New leadership at Philadelphia Contemporary, to help the arts nonprofit better ‘reflect the diversity’ of the city

Harry Philbrick, who in 2016 founded Philadelphia Contemporary using arts to connect communities, is stepping down.

File - In 2022 The Cherry Street Pier  hosted ''Freshwater,'' a sculptural fountain by Jean Shin that uses Delaware River water and living freshwater mussels. Other sculptural elements were made from recycled plastic and shells collected from the Delaware. (Emma Lee/WHYY)

File - In 2022 The Cherry Street Pier hosted ''Freshwater,'' a sculptural fountain by Jean Shin that uses Delaware River water and living freshwater mussels. Other sculptural elements were made from recycled plastic and shells collected from the Delaware. (Emma Lee/WHYY)

A change in leadership is coming to Philadelphia Contemporary, a 7-year-old, city-wide arts presenting organization, in an effort to advance its goal of reflecting local communities.

Founder Harry Philbrick left the museum of the Pennsylvania Academy of the Fine Arts in 2016 to launch the nonprofit, which is dedicated to presenting new work by contemporary artists, both from this region and those who are internationally known.

Over its tenure, Philbrick has collaborated with his curators — there are currently two on staff — to bring a variety of work to Philadelphia. The organization has brought British artist Tracey Emin to the Delaware River waterfront, Black social justice artist Theaster Gates to the Drexel campus, environmental artist Jean Shin to the Cherry Street Pier, and Philadelphia artist Jane Irish to the historic Lemon Hill mansion.

Many of the projects have been community-centered, such as “Supine Horizons,” a storefront immersive installation promoting resting as a radical act; and the Healing Verse Phone Line, a free dial-a-poem hotline featuring work by local writers.


Harry Philbrick (Courtesy of Philadelphia Contemporary)

“Given the mission of Philadelphia Contemporary to create programming that would attract an audience reflecting the diversity of Philadelphia, I thought at some point it was important that someone younger than me — maybe not an old white guy — should lead Philadelphia Contemporary,” Philbrick told WHYY News.

On March 1, a triumvirate will replace him at the top of the organization: Yolanda Wisher and Rob Blackson will be co-artistic directors, and the managing director will be J.J. El-Far. All of them were promoted from within the organization.

Left: Yolanda Wisher (Courtesy of Naomieh Jovin); Right: Rob Blackson (Courtesy of Philadelphia Contemporary)

Philbrick will remain involved with the organization as director emeritus and board chair.

“Really focusing on the long-term future of Philadelphia Contemporary, “ he said of the plan. “But leave the day-to-day artistic programming and management to our team.”

Wisher is a former city poet laureate who has been on staff at Philadelphia Contemporary as co-director of curatorial affairs and director of spoken word. Rob Blackson, the other co-director of curatorial affairs and director of city-wide initiatives, was previously the director of Temple Contemporary. J.J. El-Far, currently the director of advancement, co-founded the Harlem Arts Festival.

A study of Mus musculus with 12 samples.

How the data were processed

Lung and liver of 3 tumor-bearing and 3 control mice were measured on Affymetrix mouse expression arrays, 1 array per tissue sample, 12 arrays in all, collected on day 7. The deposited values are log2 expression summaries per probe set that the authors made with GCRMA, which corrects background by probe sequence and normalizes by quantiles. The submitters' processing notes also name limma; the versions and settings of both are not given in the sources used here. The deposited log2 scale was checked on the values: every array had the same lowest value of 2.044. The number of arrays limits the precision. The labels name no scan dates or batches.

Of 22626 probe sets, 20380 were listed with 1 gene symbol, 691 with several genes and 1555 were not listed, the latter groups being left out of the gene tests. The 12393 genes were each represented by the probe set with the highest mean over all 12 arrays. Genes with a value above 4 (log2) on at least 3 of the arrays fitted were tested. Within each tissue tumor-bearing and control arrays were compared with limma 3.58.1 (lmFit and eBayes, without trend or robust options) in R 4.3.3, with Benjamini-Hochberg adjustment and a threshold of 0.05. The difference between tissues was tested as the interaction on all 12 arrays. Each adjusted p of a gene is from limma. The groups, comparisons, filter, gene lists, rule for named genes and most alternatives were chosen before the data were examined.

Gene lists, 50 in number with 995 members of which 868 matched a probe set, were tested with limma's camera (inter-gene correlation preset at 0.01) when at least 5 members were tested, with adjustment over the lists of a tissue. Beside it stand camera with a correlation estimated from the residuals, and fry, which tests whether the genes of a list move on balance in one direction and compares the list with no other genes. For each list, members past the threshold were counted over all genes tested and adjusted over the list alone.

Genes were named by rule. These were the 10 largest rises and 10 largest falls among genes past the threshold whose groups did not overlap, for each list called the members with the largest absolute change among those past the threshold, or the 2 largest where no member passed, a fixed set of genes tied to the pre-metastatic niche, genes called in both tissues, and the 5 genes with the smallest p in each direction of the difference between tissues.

J.J. El-Far (Courtesy of John C Hawthorne)

“We are grateful to the artists who have entrusted their work in our care, and we are excited to continue connecting new audiences throughout Philadelphia with unique experiences that inspire us, connect us, and deepen our humanity,” said Wisher and Blackson in a joint statement.

Philbrick founded Philadelphia Contemporary as a nomadic organization, meaning artwork and events were curated in various places around the city. But Philbrick has entertained ideas of building something more permanent.

He had ambitions to build a large-scale, multi-purpose arts center in West Philadelphia, going so far as to identify both a plot of land and an architectural firm. That didn’t pan out. More recently, plans for a floating art space that would be moored on the Delaware River were revealed. Philbrick doesn’t see that happening anytime soon.

“It became apparent, given the economic situation at the moment and inflation and supply chain disruption, that now is not the moment to do something that no one’s ever done before in terms of a building,” Philbrick said.

As director emeritus, Philbrick will focus less on the present and more on the future of the organization.

“One of the things that I’m proudest of is our engagement with different communities across the city.” he said, citing an upcoming project with artist Pepón Osorio about communities of color and the U.S. healthcare system, and a project Wisher is working on involving SEPTA’s route 23 bus line.

He’s not letting go of his vision to build a permanent home for Philadelphia Contemporary someday. Instead, he considers it postponed in service of a more immediate goal.

“We’ve put that on hold and are returning to our focus on citywide programming,” Philbrick said. “This is a moment to let the curators who are leading that programming really come to the fore.”